China Internet censorship hurts European businesses: Survey
China's Internet restrictions are hurting European businesses operating in the country, a lobby group, as controls over access to overseas websites are tightened under President Xi Jinping.
Beijing: China's Internet restrictions are hurting European businesses operating in the country, a lobby group, as controls over access to overseas websites are tightened under President Xi Jinping.
Authorities have in recent months increased restrictions on virtual private networks (VPNs), used to circumvent China's vast censorship apparatus known as the Great Firewall which blocks websites such as YouTube and Facebook.
Access to Google's email service also became more difficult in December.
The European Union Chamber of Commerce in China said the restrictions amount to an "Internet tax", adding that 86 percent of respondents to an internal survey said they had a "negative effect" on business, a 15 percent increase compared to June.
"Restricted access to key Internet tools is not merely an unfortunate inconvenience for individuals it is an increasingly onerous cost of doing business here that many companies are finding harder to bear," said Jorg Wuttke, president of the chamber which has around 1,800 members.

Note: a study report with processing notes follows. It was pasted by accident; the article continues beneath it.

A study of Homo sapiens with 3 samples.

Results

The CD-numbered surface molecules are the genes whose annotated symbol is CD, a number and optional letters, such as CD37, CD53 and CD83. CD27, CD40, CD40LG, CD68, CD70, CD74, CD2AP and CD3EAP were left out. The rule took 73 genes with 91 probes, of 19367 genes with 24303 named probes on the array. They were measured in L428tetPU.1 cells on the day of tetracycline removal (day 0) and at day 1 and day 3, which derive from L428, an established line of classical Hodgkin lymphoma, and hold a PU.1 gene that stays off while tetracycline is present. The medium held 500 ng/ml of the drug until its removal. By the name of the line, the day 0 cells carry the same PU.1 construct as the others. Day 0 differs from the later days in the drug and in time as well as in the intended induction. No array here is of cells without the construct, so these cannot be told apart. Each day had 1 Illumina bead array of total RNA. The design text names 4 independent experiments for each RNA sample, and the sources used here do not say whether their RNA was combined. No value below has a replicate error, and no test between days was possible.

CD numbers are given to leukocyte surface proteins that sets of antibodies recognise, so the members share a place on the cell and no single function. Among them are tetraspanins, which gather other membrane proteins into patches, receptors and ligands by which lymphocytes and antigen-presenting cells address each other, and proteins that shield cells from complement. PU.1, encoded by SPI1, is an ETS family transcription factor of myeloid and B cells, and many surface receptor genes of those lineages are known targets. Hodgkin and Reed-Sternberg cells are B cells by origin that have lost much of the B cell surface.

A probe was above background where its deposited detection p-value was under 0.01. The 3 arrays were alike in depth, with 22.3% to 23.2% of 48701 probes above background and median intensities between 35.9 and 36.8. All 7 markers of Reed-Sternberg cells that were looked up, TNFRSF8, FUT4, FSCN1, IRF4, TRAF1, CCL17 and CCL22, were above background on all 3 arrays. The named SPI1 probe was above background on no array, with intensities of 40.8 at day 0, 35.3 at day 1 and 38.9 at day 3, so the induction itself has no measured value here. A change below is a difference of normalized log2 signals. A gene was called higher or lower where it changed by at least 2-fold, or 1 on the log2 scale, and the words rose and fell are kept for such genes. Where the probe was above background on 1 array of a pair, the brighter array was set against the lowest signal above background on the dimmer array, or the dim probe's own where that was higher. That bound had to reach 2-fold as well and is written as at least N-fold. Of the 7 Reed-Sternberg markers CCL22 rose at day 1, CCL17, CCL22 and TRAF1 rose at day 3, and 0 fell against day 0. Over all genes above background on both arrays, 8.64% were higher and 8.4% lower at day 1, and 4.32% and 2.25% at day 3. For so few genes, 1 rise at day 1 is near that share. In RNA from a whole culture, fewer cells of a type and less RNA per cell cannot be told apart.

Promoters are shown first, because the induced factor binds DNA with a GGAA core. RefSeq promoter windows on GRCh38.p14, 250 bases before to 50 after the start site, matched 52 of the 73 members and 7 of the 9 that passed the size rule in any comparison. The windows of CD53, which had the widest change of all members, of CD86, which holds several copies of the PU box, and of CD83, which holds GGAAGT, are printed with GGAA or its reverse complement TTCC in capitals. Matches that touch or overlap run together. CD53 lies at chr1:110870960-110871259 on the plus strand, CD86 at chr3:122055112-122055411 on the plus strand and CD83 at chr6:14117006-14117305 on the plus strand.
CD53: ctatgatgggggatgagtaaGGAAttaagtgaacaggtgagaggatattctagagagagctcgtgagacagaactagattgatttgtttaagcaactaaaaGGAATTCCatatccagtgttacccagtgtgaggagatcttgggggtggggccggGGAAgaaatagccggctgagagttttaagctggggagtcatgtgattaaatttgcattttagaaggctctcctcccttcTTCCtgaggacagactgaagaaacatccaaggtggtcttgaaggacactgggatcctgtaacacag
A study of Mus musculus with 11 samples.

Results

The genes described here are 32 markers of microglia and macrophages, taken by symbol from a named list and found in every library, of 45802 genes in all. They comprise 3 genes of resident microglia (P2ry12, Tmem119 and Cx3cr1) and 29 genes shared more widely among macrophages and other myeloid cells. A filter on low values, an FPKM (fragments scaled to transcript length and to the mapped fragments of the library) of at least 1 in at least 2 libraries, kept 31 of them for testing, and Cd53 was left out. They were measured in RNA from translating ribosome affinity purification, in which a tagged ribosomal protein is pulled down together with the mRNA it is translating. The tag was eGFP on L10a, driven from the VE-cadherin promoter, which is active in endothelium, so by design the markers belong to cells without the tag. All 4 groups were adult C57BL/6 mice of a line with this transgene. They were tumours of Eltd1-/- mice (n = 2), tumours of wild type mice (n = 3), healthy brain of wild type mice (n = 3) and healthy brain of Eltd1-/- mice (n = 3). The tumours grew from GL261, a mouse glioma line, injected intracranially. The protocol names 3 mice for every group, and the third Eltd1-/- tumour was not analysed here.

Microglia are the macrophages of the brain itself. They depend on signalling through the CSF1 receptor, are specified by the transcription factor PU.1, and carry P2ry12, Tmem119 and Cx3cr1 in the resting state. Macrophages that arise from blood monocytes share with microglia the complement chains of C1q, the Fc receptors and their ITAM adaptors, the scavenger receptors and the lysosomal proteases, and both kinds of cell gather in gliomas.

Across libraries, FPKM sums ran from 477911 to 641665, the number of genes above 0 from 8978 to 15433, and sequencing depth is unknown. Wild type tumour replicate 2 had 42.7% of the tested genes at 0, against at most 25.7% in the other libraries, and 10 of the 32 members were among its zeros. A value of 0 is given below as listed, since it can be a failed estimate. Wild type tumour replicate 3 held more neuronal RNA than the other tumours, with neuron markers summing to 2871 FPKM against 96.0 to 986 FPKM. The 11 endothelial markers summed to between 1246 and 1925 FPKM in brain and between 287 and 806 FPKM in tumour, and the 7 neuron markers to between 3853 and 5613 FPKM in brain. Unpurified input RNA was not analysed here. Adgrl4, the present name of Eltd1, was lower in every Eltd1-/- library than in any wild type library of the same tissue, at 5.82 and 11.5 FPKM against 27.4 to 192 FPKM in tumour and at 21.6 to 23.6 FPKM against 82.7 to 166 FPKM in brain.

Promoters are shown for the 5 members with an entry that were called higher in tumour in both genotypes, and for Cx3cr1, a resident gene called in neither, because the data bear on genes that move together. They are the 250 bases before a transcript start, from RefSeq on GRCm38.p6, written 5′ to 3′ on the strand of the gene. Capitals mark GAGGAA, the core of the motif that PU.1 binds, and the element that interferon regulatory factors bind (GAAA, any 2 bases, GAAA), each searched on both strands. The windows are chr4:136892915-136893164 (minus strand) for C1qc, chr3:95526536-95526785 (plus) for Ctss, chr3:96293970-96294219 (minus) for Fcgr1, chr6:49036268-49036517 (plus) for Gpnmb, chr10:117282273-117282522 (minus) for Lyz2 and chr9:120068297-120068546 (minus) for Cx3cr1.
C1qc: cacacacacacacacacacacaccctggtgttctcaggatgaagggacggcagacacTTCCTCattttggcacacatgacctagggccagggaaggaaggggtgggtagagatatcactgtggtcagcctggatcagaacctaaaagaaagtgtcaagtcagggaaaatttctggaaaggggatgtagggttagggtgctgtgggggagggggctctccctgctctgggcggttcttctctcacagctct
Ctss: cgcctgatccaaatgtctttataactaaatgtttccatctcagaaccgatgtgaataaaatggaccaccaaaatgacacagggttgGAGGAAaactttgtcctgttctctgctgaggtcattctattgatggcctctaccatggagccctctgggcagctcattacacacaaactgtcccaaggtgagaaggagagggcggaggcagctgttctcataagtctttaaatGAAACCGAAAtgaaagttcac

"This is not just a problem for international business we know from extensive conversations with the Chinese public and the private sector that many domestic companies are just as frustrated."
Since Xi assumed power in 2012, free expression has been heavily curtailed and online censorship has sharply increased in order to maintain the ruling Communist Party's grip on power.
China has also shut down many tools that make it easier to communicate across borders as the government works to stem the inflow of foreign ideas and culture.
Of the companies surveyed by the lobby group, 80 percent said the tightening Internet controls has become worse since the start of 2015.
Some 13 percent of respondents said the recent increase in censorship means they have deferred or are unwilling to set up research and development centres in China which would be a blow to government plans to increase innovation.
Hua Chunying, a foreign ministry spokeswoman, said at a regularly scheduled news conference in Beijing that China "is open to foreign companies so long as they abide by China regulations".
Citing China's ranking as the top destination for foreign direct investment, Hua said "the investment environment must be good, with profits to be made, if foreign companies are willing to make such investments."
The report comes just one day after an American Chamber of Commerce in China survey found 57 percent of respondents believed foreign firms are being singled out by Beijing's pricing, anti-monopoly, and anti-corruption campaigns.